Here’s Why Two Prominent Bears Just Gave Up on Shorting Stocks
Boy this article on Marketwatch pretty much says it all – it’s very difficult to run any form of ‘freemarket’ portfolio when you are living in a market where the Fed head writes op-eds about his mission to inflate asset prices. It looks like wonder “kid” David Einhorn of Greenlight Capital has thrown in the towel on many of his shorts. He runs a concentrated portfolio so perhaps this is the majority of his shorts. That marks 2 prominent “bears” to give up in the past week – David Rosenberg being the other. (to be fair Einhorn is not a BEAR as much as someone who runs a long-short book) The Bernanke Put is putting (pun intended) the Greenspan Put to shame.
- David Einhorn, head of hedge fund firm Greenlight Capital, closed more than a dozen short positions recently because rising stock markets have made it more difficult to hedge and bet against companies.
- Greenlight covered short positions in which he had “lower confidence”during the firstquarter, including four negative bets against companies in the for-profit education industry, Einhorn wrote in an April 29 letter to investors. MarketWatch obtained a copy of the letter on Monday.
- “We are in a particularly difficult environment for shorting stocks,” Einhorn said in the letter, which didn’t identify the positions that were closed. “Much like Charlie Sheen, who seems to believe that all publicity is good publicity, recent market behavior suggests that we are in the part of the cycle where ‘all news is good news,’ ” Einhorn wrote earlier in the letter.
- The head of Greenlight Capital became one of the most-watched hedge fund managers after he warned Lehman Brothers was under-capitalized in 2008, several months before the investment bank collapsed, triggering the global financial crisis.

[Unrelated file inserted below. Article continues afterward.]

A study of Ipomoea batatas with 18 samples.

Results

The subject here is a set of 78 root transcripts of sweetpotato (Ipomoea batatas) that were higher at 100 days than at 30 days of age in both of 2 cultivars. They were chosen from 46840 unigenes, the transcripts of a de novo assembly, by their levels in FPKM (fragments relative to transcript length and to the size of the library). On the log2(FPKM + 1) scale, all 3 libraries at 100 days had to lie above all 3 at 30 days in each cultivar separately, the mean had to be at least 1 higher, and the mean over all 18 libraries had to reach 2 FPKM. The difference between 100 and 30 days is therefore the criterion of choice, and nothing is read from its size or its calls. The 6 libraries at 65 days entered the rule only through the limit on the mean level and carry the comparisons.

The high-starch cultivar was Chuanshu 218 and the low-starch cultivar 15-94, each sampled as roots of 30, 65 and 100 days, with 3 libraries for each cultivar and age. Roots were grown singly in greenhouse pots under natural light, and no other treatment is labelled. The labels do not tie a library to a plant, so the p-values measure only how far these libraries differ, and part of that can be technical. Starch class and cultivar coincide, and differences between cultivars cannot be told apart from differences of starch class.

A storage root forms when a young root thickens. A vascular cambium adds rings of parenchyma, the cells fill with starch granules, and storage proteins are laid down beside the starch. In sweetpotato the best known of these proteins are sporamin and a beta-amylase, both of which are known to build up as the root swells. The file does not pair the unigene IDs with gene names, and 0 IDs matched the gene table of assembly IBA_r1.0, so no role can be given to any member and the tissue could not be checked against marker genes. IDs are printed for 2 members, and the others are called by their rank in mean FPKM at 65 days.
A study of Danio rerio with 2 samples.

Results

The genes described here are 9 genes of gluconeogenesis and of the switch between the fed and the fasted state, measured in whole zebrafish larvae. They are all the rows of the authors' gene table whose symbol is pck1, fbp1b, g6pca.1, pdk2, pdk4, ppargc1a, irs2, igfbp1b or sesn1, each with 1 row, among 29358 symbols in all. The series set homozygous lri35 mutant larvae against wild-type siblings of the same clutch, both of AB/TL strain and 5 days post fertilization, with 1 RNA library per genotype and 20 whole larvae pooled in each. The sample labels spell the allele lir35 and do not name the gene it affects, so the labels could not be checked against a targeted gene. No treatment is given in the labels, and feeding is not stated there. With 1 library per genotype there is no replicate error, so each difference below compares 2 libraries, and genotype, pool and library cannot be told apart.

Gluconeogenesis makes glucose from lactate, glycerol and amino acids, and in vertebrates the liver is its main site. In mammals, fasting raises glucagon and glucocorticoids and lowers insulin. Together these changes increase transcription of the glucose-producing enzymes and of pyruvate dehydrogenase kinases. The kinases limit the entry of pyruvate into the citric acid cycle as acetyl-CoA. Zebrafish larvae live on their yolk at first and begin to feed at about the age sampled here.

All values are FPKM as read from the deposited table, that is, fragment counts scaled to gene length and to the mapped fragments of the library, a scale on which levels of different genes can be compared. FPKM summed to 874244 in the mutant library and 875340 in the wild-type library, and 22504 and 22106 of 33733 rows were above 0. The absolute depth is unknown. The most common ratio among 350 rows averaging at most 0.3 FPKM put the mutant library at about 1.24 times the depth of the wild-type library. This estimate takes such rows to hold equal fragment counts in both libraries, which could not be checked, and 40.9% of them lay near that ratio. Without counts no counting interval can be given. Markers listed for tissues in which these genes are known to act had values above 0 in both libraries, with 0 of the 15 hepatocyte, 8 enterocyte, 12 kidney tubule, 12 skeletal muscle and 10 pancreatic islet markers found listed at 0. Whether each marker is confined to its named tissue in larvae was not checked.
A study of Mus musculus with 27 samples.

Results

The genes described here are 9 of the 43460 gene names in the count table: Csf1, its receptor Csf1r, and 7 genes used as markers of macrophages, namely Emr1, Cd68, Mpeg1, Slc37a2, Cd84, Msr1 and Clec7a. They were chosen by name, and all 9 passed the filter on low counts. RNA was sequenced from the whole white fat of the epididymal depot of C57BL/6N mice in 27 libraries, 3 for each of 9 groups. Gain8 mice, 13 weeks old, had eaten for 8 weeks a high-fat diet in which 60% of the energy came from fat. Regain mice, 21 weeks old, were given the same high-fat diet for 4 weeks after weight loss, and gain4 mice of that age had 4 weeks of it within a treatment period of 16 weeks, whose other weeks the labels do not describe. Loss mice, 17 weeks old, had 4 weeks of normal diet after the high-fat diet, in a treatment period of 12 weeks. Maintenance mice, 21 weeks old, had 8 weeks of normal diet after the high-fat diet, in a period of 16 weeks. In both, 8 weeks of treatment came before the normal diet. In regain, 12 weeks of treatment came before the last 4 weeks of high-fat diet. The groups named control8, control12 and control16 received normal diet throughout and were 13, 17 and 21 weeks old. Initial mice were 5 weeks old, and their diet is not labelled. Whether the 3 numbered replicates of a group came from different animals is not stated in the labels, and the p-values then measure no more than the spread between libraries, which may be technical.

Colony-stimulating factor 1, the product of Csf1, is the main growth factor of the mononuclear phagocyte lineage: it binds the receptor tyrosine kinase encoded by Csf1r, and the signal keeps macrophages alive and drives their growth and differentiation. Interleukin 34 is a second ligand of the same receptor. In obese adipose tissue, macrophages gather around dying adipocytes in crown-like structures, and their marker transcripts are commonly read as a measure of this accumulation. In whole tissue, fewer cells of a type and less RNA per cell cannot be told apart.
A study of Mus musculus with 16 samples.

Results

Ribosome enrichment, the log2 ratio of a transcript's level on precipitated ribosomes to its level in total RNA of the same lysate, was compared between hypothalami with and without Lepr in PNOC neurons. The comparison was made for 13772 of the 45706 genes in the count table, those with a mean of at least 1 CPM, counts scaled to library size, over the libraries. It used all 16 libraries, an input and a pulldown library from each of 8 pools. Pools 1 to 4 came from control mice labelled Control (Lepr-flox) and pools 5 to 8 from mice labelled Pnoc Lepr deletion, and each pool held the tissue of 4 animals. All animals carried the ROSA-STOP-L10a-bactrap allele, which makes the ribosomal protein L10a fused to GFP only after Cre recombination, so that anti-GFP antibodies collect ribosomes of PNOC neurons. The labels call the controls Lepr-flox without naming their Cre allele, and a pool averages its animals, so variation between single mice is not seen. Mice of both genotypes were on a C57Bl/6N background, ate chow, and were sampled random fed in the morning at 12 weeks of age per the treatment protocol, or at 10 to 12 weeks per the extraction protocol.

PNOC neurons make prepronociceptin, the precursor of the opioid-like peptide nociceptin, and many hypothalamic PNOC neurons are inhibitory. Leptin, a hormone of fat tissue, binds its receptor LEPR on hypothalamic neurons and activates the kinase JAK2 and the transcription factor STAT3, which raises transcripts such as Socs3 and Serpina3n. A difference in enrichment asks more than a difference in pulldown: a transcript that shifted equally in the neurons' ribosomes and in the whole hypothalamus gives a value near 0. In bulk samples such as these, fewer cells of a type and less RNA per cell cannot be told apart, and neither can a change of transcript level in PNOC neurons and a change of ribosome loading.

- Stocks slumped in late 2008 and early 2009. But the market has surged since then,helped by trillions of dollars in monetary and fiscal stimulus. Those gains have made it difficult for hedge funds to short stocks — an important tool for protecting against potential losses. Greenlight Capital’s hedge funds lost at least 2.5% in the first quarter, one of the firm’s toughest opening quarters.
- “This quarter we were repeatedly confuzzled when we read company news announcements that we expected to cause falling stock prices, only to see them rise instead — and sometimes sharply at that,” Einhorn wrote in his April 29 letter.
- In addition to profitably exiting four short positions in the for-profit education sector, Einhorn said Greenlight closed two foreign bank shorts, a domestic bank short and a technology short. Two of the bank positions were closed at losses, as was the tech position, he noted.
- “We also covered several others where performance exceeded our expectations,” Einhorn wrote. Still, the hedge fund manager stuck to two of his most-prominent negative bets — against credit-rating company Moody’s Corp (NYSE:MCO) and Florida land giant St. Joe (NYSE:JOE). Greenlight also kept short positions on two energy-technology companies, which the firm expects to “dramatically” miss earnings forecasts this year. These stocks weren’t identified in the letter. “We believe that this environment is cyclical, and that it will continue this way … until it doesn’t,” Einhorn wrote.
- In April, Einhorn was up 0.8%, leaving him down 2.6% in the first four months of 2011. Also, Greenlight disclosed a position in shares of Yahoo Inc.(NASDAQ:YHOO) as Einhorn highlighted bullish prospects for the Internet company’s exposure to China (NYSE:FXI).
Disclosure: No position
This is a guest post written by Trader Mark who runs the blog Fund My Mutual Fund.